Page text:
On 10.22.17, Jason Feffer introduced the Ignatian concept of indifference and led a practice to help us surrender our whole selves to the loving will of God.
On 10.8.17 Joan Kelley joined us to teach and lead us in a gratitude practice. When we open ourselves in gratitude, we are in a posture to more fully receive God’s love.
As The Practice community journeys through Ignatius of Loyola's Spiritual Exercises, we are spending at least 15 minutes each day resting in God's love. This is a copy of the practice Father Michael led at our gathering. If it is helpful, you may use this reflection to begin your daily practice.
On 9.17.17 Father Michael introduced the themes of Ignatius of Loyola's Spiritual Exercises and led us in a practice to help ground us in our belovedness.
On 8.20.17 Jason Feffer shared an update on the future of The Practice.
On 6.25.17 The Practice community gathered to share how God has worked in their lives in the last three years, and celebrate everything God has done.
On 6.11.17, Jonathan Martin helped us explore the paschal mystery. How can we lean into the holy pattern of Christ's life, death, and resurrection in our own lives?
On 6.4.17 Jenna Perrine helped us lean into God with our grief and write a lament based on the nine movements of a biblical lament.
On 5.21.17, we announced the very sad news that June 25th will be the final Practice gathering.
On 5.14.17, we explored the mothering images of God in Scripture. It was a beautiful night leaning into our nurturing creator and accepting God's invitation to rest and play.
On 4.30.17, David Fitch helped us explore how walking with Jesus and participating in the Eucharist forms us to tend to Christ's presence in one another.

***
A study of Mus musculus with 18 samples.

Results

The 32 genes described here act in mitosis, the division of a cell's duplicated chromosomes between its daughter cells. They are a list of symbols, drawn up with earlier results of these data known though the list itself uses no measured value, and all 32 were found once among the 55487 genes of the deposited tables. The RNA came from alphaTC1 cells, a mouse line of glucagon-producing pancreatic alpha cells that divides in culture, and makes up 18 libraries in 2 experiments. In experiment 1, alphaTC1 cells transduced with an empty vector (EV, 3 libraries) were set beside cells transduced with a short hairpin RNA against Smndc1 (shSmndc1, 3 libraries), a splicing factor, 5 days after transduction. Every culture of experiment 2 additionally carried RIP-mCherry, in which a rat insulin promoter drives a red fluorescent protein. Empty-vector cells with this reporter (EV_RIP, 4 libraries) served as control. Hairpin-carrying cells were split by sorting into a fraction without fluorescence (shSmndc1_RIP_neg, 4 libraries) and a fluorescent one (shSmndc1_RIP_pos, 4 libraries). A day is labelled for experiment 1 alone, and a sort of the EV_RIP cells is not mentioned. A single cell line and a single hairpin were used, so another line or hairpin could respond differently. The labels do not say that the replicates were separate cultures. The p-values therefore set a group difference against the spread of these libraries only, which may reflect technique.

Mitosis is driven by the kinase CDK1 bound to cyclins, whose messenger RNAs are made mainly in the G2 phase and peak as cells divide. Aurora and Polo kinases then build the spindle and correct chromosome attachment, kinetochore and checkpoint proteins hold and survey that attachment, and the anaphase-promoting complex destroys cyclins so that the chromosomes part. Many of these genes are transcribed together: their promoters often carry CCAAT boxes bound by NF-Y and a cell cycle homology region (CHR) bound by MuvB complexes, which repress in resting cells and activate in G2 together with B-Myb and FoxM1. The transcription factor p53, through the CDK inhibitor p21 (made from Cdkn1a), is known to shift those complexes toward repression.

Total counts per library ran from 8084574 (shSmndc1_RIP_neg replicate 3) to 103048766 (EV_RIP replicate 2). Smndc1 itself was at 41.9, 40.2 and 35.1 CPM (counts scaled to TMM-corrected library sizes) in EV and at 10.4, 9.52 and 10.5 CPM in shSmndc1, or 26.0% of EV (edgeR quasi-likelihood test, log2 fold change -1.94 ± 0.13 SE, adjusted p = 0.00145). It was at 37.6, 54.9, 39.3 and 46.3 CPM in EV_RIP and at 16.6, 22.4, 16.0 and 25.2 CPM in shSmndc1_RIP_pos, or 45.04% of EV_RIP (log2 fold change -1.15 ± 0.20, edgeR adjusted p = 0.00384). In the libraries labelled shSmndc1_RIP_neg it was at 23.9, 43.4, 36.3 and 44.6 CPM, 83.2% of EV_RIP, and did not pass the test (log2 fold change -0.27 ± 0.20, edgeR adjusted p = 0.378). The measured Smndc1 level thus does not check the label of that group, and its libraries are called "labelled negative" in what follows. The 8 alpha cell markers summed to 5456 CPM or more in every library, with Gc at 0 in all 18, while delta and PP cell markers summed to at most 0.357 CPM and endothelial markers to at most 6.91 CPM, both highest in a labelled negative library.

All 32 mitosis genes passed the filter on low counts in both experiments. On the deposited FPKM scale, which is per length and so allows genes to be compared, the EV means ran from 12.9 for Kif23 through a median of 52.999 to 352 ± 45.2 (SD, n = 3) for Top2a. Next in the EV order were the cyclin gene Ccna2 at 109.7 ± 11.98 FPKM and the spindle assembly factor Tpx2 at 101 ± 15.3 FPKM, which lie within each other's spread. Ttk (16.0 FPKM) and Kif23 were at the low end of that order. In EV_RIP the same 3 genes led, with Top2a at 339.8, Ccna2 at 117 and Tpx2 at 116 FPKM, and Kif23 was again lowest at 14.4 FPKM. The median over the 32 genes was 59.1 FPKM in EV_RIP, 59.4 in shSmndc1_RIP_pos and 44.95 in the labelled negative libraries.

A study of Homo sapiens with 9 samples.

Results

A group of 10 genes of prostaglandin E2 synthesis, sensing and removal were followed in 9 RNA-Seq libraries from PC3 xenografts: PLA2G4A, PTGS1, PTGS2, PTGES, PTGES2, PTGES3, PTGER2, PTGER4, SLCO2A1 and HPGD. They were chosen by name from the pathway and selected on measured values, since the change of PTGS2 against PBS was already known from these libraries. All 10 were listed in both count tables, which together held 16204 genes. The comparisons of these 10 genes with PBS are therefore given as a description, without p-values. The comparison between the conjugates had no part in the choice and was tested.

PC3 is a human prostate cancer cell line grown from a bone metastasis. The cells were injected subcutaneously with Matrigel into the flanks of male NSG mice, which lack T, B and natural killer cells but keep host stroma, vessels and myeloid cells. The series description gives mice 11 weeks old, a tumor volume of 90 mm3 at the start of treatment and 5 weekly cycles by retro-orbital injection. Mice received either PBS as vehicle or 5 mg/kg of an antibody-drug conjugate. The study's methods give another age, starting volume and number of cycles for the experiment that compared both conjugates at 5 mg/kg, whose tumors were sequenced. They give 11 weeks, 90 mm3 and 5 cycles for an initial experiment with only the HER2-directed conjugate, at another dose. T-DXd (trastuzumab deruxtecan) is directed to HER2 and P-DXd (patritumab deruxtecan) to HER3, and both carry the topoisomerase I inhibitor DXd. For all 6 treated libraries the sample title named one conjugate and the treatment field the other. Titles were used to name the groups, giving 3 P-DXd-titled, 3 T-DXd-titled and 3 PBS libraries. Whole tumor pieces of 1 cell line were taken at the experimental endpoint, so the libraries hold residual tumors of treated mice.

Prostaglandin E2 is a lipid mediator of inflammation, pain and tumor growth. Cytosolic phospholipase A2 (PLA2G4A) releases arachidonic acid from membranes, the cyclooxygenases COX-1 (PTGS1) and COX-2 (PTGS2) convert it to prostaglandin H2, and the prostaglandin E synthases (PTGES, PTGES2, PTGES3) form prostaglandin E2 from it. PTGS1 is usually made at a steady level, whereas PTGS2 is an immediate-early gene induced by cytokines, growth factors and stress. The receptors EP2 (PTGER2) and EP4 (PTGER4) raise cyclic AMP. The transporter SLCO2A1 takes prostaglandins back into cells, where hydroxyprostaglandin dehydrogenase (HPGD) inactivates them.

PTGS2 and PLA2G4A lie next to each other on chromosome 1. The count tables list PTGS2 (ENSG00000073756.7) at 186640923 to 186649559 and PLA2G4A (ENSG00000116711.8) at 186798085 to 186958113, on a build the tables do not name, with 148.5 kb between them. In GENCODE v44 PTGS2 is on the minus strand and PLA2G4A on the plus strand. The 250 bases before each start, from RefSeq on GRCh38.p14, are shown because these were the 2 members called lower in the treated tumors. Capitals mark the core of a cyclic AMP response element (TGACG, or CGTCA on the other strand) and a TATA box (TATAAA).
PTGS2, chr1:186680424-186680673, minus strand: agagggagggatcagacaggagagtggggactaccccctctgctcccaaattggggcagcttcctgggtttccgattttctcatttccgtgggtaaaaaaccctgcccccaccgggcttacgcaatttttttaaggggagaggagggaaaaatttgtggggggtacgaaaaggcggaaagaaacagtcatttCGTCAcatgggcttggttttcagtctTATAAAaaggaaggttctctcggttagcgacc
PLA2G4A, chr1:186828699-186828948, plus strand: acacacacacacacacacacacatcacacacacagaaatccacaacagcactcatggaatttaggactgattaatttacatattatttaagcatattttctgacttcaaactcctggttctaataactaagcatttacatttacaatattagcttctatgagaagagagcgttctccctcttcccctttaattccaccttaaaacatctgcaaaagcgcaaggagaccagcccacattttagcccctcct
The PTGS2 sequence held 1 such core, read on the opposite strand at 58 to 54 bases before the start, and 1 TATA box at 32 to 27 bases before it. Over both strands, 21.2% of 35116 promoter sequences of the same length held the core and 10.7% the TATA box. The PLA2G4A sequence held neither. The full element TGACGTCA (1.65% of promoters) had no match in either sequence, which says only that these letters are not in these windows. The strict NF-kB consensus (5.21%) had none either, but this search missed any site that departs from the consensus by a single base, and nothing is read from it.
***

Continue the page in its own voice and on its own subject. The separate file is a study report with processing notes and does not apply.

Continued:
On 4.23.17 Sibyl Towner led us in an exercise of listening for the presence of God in our stories.
On 4.2.17, Curtis Miller helped us explore how we can turn away fear and engage the world from a place of sacrificial love, and Erin Feffer led us in the spiritual discipline, Lectio Divina.
On 3.19.17, Ashlee Eiland shared with us a framework for dying to our false selves and knowing our true selves. Listen as Ashlee teaches us to embrace knowing, inspecting, and pruning.
On 3.12.17, Frederica Mathewes-Green helped us explore an Eastern Orthodox perspective ofGod's constant presence.
On 3.5.17, Jason Feffer helped us to craft a simple rhythm of life grounded in our desires and the spiritual disciplines.
On 2.20.17, Kellye Fabian helped us understand that God's response to humanity's sinfulness is blessing. We are called to be a blessing, to see, speak well of, and sacrifice to share the love of God with the world.
On 2.12.17, Curtis Miller taught us that we were each created to demonstrate the image of our loving, triune God in community.
On 1.29.17, Shauna Niequist helped us understand that "the love of God is the purest nourishment.
On January 22nd, we offered two prayers for President Donald Trump: (1) Fr Michael Sparough, SJ, wrote and prayed a priestly prayer, (2) Claudia Heinrich wrote and prayed a prophetic prayer, and then (3) we all stood and prayed The Lord's Prayer. This very short podcast is the live recording of those prayers.
Friends, please join us as we pray...
On 1.22.17, Jonathan Martin helped us explore our images of God and left us with a provocative statement. "God is not loving; God is love."
On 1.15.17, Jason Feffer helped us identify how our deepest longings draw us to God and how a rhythm of life helps us make our home in Jesus.
On 12.11.16 Curtis Miller led us to identify our longing for new beginnings, and the promise that our hope is fulfilled in God's holy the presence.
On 12.4.16 Jerusalem Greer helped us enter into the longing of Advent. This season that begins the church year does not begin with the birth of Jesus. It begins in pain, fear, and longing. It is an invitation to open our hearts to the whispered promise of hope.
On 11.20.16 we explored the eighth Beatitude, "Blessed are those who are persecuted for righteousness, for theirs is the kingdom of heaven."
Clary and Jason teach the life Jesus invites us into is one of radical love. There is a cost to loving like Jesus. This cost keeps many of us from loving sacrificially, but Jesus promises that those who lose their lives will find it.